Due to sickness, weather, and sold-out showings, it took me a few weeks before I was able to see The Peanuts Movie. But, I have to say, the wait was worth it. The Peanuts Movie is quite possibly the most enjoyable family films we’ve had in recent times and might be the best movie of 2015. Granted, I may be biased as I am one of the biggest Peanuts fans out there, but this movie hits all the right notes that while hitting the nostalgia chord, it is just genuinely a good, solid film.
Taking many cues from the Charles Shultz’s beloved comic strip, The Peanuts Movie finds lovable loser Charlie Brown doubting himself after he falls head-over-heals in love with the new-to-town Little Red-Haired Girl. What follows is his attempts to get her to notice him. He is almost successful several times, but, being Charlie Brown, he inadvertently screws something up that ruins his chance.
A very simple plot, but it works. What has always made Peanuts work wasn’t the storylines, but the characters. Charlie Brown is a kid who never ever gives up in the face of defeat. This film nailed that in addition to the other characters. That’s what I truly loved about it.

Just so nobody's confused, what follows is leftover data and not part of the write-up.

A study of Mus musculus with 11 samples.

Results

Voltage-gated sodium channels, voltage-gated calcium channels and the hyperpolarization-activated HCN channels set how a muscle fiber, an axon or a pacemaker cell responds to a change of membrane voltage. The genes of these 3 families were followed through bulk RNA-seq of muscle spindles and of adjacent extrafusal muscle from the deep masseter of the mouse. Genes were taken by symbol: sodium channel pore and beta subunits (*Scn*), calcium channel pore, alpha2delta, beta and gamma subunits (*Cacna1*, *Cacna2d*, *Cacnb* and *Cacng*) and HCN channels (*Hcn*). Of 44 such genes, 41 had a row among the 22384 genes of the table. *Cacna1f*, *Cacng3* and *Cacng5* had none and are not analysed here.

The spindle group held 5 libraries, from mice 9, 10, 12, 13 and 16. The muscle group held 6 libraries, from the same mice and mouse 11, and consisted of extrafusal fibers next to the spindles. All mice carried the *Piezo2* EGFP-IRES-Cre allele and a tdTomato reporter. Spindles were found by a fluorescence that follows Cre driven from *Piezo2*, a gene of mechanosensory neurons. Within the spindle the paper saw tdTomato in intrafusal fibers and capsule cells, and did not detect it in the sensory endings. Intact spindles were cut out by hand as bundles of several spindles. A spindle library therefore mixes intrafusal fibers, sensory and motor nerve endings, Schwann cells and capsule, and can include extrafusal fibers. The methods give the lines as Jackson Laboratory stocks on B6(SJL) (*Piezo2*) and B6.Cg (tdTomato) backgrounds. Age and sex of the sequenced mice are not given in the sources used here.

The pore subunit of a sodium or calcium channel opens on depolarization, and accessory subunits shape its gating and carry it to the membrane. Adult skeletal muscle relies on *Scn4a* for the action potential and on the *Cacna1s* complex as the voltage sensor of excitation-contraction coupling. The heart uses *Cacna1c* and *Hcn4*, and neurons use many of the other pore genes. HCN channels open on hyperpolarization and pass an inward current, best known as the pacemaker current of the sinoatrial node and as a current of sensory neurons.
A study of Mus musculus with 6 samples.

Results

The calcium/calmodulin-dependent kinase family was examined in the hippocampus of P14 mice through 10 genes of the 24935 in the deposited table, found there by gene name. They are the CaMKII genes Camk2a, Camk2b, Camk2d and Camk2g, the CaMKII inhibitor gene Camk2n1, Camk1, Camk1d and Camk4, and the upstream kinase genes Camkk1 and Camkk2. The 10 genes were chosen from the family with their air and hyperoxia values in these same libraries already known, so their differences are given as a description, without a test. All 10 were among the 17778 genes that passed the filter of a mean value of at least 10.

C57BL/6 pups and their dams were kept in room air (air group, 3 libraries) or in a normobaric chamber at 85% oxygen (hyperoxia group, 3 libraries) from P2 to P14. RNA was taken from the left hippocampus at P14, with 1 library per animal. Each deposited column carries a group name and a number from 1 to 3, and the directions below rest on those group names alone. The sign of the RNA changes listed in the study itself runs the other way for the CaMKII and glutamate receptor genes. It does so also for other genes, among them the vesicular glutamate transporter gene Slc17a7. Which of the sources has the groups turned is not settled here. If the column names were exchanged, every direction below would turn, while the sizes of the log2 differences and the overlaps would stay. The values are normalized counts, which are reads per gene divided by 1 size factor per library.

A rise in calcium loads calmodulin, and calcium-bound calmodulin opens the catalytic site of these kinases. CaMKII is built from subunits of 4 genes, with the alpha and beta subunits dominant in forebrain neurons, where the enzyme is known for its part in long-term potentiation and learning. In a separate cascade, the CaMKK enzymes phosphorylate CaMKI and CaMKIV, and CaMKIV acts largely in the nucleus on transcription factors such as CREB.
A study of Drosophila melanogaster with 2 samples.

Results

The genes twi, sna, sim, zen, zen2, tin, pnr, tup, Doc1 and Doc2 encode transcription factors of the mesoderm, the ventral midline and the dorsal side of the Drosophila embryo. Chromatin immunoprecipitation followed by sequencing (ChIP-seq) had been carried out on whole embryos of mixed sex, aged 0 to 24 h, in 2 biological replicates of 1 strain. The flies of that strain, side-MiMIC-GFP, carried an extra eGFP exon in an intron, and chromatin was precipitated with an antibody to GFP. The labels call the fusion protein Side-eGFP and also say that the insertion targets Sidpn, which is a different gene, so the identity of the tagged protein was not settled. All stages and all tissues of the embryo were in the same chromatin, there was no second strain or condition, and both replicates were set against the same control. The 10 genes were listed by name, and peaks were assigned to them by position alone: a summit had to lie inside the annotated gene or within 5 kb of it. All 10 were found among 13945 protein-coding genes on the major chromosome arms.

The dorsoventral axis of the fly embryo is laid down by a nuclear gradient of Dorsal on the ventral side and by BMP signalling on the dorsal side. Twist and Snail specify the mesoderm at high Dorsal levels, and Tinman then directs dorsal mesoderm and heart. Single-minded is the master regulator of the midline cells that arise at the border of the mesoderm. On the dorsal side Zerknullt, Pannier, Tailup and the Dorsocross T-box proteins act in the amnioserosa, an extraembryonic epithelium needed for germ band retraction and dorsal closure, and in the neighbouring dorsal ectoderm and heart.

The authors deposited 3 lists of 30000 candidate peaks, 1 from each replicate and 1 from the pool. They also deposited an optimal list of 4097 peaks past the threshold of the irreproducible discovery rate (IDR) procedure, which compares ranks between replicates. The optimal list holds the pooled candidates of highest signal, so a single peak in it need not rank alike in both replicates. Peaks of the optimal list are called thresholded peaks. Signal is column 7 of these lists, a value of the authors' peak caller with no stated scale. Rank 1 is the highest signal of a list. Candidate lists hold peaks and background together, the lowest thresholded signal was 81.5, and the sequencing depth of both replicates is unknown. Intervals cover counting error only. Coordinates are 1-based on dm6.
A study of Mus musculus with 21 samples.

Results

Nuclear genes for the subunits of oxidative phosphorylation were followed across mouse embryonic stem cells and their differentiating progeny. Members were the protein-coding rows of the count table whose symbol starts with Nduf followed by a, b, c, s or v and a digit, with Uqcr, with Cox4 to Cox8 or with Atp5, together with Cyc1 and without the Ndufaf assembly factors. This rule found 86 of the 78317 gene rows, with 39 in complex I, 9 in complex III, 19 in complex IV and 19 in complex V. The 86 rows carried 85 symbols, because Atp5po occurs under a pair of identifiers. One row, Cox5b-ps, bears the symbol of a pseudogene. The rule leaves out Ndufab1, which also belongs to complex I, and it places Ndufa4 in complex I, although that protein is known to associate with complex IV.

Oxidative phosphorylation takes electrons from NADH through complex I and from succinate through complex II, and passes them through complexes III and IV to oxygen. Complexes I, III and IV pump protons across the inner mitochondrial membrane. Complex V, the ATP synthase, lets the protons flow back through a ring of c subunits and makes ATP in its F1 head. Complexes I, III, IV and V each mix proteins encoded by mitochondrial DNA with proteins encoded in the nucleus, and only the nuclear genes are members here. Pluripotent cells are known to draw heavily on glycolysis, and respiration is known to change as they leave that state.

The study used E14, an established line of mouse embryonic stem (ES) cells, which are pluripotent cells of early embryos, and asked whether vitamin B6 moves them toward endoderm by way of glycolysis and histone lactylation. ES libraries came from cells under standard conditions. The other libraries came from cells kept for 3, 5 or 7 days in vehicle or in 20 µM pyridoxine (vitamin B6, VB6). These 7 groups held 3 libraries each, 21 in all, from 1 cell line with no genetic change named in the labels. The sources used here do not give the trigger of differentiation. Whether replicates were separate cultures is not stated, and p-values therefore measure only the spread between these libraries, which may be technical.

It could have been so easy to screw something like this up. Too many times today, we see an adaptation of some classic children’s property (be it a cartoon, book, or comic strip) and filmmakers feel the need to update it to the extreme in order to make it seem relevant and hip instead of relying on what made the thing work in the first place. And those films, while profitable enough, usually suck as a result (I still can’t believe we are getting 4th Alvin and the Chipmunks movie).
The Peanuts Movie doesn’t do that. It doesn’t need to lower itself to. The film stays incredibly true to the source, because the source is solid and timeless. Everyone can relate to Charlie Brown at some point in their lives.
Don’t get me wrong. There is still some updating for modern audiences. The film does move at a quicker pace and has more slapstick-type humor than a typical Peanuts TV special, but it never intrudes or overtakes the movie. It comes naturally. Even the obligatory written-for-the-movie Meghan Trainor song is integrated well is only really utilized briefly in the background of a scene (as opposed to a montage that is designed solely to show off the song).
I am guessing this quality control had a lot to do with the film being controlled and overseen by the Shultz family (they made sure that Hollywood wasn’t going to take a dump on Charles’s legacy). Whatever the case may be this film is a master class on how to do an adaptation.
This is a nearly-perfect film. There were several times that I teared up over how emotionally invested I had gotten. In a year that has been fairly disappointing with big movie releases, The Peanuts Movie has been such a breath of fresh air. I loved it.